Part XIII of our series on Healing and Comforting
In Friday’s post, we came to an important realization about the relationship between prayer and Healing and Comforting: healing comes to the sick as much as it comes through the sick. That means we should all be praying together – healthy and sick – about all that God wants us to – our illness and everything else. This realization gives special insight into the James 5:13-16 passage we discussed earlier this month. Recall that the elders—representing the church—are summoned to the home of the sick to pray. When they arrive, they are to anoint the sick person with oil.
Why? Does the oil heal?
As Pastor Brian Croft notes in his blog post, “Should Pastors Still Anoint with Oil When Praying for the Sick?”, the oil serves a spiritual purpose, not simply a medicinal one:
There is a New Testament connection with the Old Testament anointing of oil as a setting apart of someone for God’s blessing and spirit to come.
This ought to remind you of what we talked about in our first week discussion about illness and the Christian: For the Christian, one is either healed for God’s glory (i.e., to mirror the redeemed physical body to all creation as a sign of God’s intention that the physical creation be freed from sin, illness, and death) or one bears illness for God’s glory (i.e., to mirror the fellowship of his suffering to all creation—Christ’s bearing of sin, illness, and death for our redemption). Either way, there is a calling involved. And that calling is signified by the anointing with oil.
Sickness, in other words, doesn’t turn you into an object of pity. It sets you apart for special purpose—mirroring into the world Christ’s sufferings and his bearing up under them in love, focusing on God in the midst of one’s own misery, and saying hour after hour, day after day, as Jesus did on the Cross in Luke 23:46, “Into your hands I commend my spirit.”
Doing that when you’re sick is hard—impossible, really, by human standards. That’s why the church created hospitals and why the church sent elders to the bedsides of the sick. They prayed the hours together.
That’s something that we need to stress about James 5:13-16: It doesn’t describe a one-time process, i.e., “If any of you is sick, pray one time. Let the elders pray one time.” That’s why it’s important to keep James 5:17-18 in view as well:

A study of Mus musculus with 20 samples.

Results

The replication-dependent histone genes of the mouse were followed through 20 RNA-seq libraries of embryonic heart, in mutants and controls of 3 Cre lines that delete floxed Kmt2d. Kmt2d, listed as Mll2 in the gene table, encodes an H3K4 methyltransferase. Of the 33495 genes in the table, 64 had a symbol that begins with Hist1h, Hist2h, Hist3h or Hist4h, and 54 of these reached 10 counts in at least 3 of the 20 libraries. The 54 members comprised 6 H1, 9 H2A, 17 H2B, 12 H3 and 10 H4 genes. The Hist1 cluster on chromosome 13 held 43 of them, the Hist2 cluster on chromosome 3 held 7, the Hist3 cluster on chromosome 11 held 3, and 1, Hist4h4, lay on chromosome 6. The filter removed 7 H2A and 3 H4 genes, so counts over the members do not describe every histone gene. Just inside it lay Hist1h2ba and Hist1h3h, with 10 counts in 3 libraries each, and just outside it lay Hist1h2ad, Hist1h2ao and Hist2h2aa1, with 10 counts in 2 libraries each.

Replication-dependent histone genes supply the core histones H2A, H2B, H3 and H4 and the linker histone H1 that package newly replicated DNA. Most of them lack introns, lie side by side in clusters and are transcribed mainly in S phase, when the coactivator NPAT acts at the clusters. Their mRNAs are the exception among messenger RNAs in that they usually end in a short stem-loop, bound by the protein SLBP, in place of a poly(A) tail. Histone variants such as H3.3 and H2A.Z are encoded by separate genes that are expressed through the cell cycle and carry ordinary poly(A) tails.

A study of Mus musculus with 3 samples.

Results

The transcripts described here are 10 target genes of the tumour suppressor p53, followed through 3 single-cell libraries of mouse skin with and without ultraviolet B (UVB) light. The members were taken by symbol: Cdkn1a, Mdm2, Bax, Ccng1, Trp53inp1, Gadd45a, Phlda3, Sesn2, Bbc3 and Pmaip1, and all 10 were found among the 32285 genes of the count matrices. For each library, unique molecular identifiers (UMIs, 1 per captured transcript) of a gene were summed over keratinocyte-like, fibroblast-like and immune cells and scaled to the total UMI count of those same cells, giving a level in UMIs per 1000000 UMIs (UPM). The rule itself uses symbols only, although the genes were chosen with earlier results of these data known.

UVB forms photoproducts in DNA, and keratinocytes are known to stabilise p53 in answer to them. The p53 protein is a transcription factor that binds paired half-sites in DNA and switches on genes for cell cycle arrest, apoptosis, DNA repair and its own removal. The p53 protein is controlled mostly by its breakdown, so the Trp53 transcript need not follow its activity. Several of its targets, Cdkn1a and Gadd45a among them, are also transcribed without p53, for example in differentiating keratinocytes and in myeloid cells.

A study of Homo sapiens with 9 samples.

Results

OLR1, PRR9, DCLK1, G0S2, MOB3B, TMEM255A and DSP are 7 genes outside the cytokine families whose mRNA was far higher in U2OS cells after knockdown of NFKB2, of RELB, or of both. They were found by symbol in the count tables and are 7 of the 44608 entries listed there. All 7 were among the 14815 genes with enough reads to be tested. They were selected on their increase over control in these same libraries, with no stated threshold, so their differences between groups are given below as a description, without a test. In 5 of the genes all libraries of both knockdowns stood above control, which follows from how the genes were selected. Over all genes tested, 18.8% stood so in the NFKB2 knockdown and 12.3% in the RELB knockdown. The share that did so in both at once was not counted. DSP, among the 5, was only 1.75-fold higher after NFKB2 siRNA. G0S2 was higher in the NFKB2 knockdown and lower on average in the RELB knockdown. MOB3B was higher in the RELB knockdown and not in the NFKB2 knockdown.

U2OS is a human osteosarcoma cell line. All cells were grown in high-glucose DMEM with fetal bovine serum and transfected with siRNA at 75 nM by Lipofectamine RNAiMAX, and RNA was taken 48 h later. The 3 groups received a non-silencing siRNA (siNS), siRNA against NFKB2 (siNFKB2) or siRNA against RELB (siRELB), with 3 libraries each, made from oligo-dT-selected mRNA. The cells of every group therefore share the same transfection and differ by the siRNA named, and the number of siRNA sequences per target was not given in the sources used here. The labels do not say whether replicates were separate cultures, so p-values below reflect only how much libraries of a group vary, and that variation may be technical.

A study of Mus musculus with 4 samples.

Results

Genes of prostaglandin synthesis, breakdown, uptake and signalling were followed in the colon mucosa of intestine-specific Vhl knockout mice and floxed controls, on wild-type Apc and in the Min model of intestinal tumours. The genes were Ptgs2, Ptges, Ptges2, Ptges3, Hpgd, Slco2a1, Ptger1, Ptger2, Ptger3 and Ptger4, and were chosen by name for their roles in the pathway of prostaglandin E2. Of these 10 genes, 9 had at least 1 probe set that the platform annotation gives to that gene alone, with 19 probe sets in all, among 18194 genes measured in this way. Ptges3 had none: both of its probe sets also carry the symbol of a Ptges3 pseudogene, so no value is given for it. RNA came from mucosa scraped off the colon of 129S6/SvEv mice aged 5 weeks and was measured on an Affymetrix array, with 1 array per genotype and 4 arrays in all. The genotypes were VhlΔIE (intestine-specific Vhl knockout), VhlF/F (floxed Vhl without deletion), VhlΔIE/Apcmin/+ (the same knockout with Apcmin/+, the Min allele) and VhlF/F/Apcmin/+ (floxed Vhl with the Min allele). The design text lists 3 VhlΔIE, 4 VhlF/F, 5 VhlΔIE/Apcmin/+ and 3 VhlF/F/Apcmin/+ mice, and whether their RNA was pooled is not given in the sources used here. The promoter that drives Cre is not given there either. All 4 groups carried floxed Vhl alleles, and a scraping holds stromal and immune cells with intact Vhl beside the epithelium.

17Elijah was a man(AE) with a nature like ours, and(AF) he prayed fervently that it might not rain, and for(AG) three years and six months it did not rain on the earth. 18(AH) Then he prayed again, and heaven gave rain, and the earth bore its fruit.
It might sound like Elijah prayed one time and the rain stopped and then prayed one time and it started. But if you read 1 Kings 18:41-45, you’ll see that James is commending persistence in prayer.
Elijah prayed seven times! Hopefully that reminds you of the Psalm 119 which says, “Seven times a day do I praise you.”
You see, the point of James 5:13-18 is not “Pray hard when you’re sick. If you’re righteous, God will heal you.”
It is “Are you suffering? Keep praying the hours. Are you joyful? Keep praying the hours. Are you sick? Keep praying the hours, and call the elders of the church to come pray with you and anoint you for the special calling that comes with illness: either the calling of mirroring God’s healing to the world, or the calling of mirroring the fellowship of his suffering. Pray the hours like Elijah did, throughout the day. Prayer that is bigger than your suffering and your joy and your needs will bring healing and transformation and righteousness. So keep praying!”
Sum it up and say: Biblically, we don’t pray in order to be healed. We pray because we are healed—in the most fundamental healing of all, which is salvation from sin and death.
Illness threatens to derail our prayerfulness, so we treat it with special care, supporting one another by praying with—not just for—each other when one of us is sick. And we pray not only for our bodily healing, but we also pray the Psalms and Scriptures, and in this way we are healed—of our own propensity to fold in on ourselves and to live life—including the suffering of illness—separate from God: The original sin.
So how do you need to change your prayers – for yourself or a loved one – in light of this?